Edward Snowden's Leaks Prove Book and TV Conspiracy Theories
It's difficult not to develop some conspiracy theories with all the news about Edward Snowden and his leaks regarding the National Security Agency. The former contractor went public with claims that American intelligence agencies are using illegal government surveillance to monitor their own citizens.
The backlash of this leak has left Snowden looking for political asylum, split public opinion regarding national security, put President Obama in the hot seat and caused conspiracy theorists to break out their tinfoil hats and reread their favorite books and watch TV shows that fictionalized similar events.
'1984' in 2013
George Orwell's 64-year-old dystopian novel may very well be the ultimate conspiracy tome. It coined the terms “thoughtcrime,” “doublethink” and “newspeak.” The story focuses on a simple, everyday servant living in a world ruled by an authoritarian government. A key player for the opposition is O'Brien, a man who turns out to be a double agent. The book is about the risk of letting one party take control. It centers on a society living in fear of the ruling body.
Apparently, the similarities between this fictional world and the headlines of today are not lost on the public. Online book sales for “1984” have increased by almost 10,000 percent since Snowden released his bombshell.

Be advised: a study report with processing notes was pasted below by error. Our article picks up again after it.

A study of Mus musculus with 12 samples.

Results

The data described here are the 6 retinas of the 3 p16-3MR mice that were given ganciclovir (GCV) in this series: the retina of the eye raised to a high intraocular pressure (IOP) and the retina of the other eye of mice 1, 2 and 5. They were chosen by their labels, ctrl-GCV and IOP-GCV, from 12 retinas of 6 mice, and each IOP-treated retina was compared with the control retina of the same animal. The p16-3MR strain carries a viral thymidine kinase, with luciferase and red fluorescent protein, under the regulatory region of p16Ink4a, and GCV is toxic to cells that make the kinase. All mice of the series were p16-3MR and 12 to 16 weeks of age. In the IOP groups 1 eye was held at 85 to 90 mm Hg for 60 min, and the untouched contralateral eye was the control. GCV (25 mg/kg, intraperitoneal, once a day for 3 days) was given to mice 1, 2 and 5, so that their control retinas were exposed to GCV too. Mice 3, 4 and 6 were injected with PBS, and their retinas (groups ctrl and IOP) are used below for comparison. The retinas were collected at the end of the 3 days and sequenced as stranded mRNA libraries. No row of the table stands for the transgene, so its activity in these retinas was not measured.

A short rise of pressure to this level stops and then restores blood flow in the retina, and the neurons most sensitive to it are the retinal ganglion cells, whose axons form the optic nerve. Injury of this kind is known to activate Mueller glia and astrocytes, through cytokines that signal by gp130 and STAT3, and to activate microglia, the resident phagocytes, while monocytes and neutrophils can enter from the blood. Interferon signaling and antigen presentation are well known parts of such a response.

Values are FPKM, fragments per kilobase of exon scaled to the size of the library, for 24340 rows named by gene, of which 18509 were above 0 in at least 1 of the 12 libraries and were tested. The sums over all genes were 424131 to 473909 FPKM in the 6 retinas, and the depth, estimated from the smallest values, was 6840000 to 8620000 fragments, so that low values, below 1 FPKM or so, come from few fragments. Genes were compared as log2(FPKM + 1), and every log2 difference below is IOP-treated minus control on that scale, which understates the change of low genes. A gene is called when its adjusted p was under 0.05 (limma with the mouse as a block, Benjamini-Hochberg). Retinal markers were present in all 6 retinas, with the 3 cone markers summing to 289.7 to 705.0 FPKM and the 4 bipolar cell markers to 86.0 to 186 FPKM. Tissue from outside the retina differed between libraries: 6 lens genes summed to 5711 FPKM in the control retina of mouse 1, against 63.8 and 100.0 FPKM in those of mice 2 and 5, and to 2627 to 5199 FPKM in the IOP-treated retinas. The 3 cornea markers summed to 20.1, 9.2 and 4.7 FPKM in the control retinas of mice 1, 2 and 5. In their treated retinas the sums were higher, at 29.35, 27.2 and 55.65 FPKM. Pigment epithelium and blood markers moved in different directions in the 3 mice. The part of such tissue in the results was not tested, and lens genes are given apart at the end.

Welcome Back to the 'Brave New World'
"Brave New World," a 1931 novel by author Aldous Huxley, explores a Utopian society built around pleasure without any moral side effects. Although the people of this land seem to live in luxury, the stability they enjoy comes out of fear of the government. Huxley focuses on the loss of individual identity in support of the common good.
The point the author tries to make with his fictional world is that people own the right to be unhappy. The world may rid itself of all that is ugly and unpleasant, but in the process, society loses its right to exist beyond the mind-numbing dependence of the government.
“Fahrenheit 451” by Ray Bradbury is a science-fiction novel that explores a government that controls so completely that books become illegal possessions. It's about the dumbing down of society to further the interests of the ruling body. The idea is to keep the culture in line by eliminating creative thought. The result is a world of shallow people who pay little attention to the actions of those in charge.
Television Entertainment for Conspiracy Theorists
Networks like TruTV feature some compelling shows for conspiracy theorists who prefer a visual medium over print. These networks are available as part of Direct TV packages.
“Conspiracy Theory” with Jesse Ventura, for example, is a reality show that investigates things the government is trying to hide with stories that revolve around futuristic endeavors like time travel, death rays and aliens. “Conspiracy Theory” just completed its third season on TruTV and features not only Minnesota governor Jesse Ventura but his son, as well.
Mark Twain said, “Truth is stranger than fiction.” These days it seems that classic fiction is more of a precursor to the strange and controversial headlines of the day. Stories like “1984” and “Brave New World” have been haunting conspiracy theorists for decades, and now some think Ed Snowden and the NSA are proving them true to life.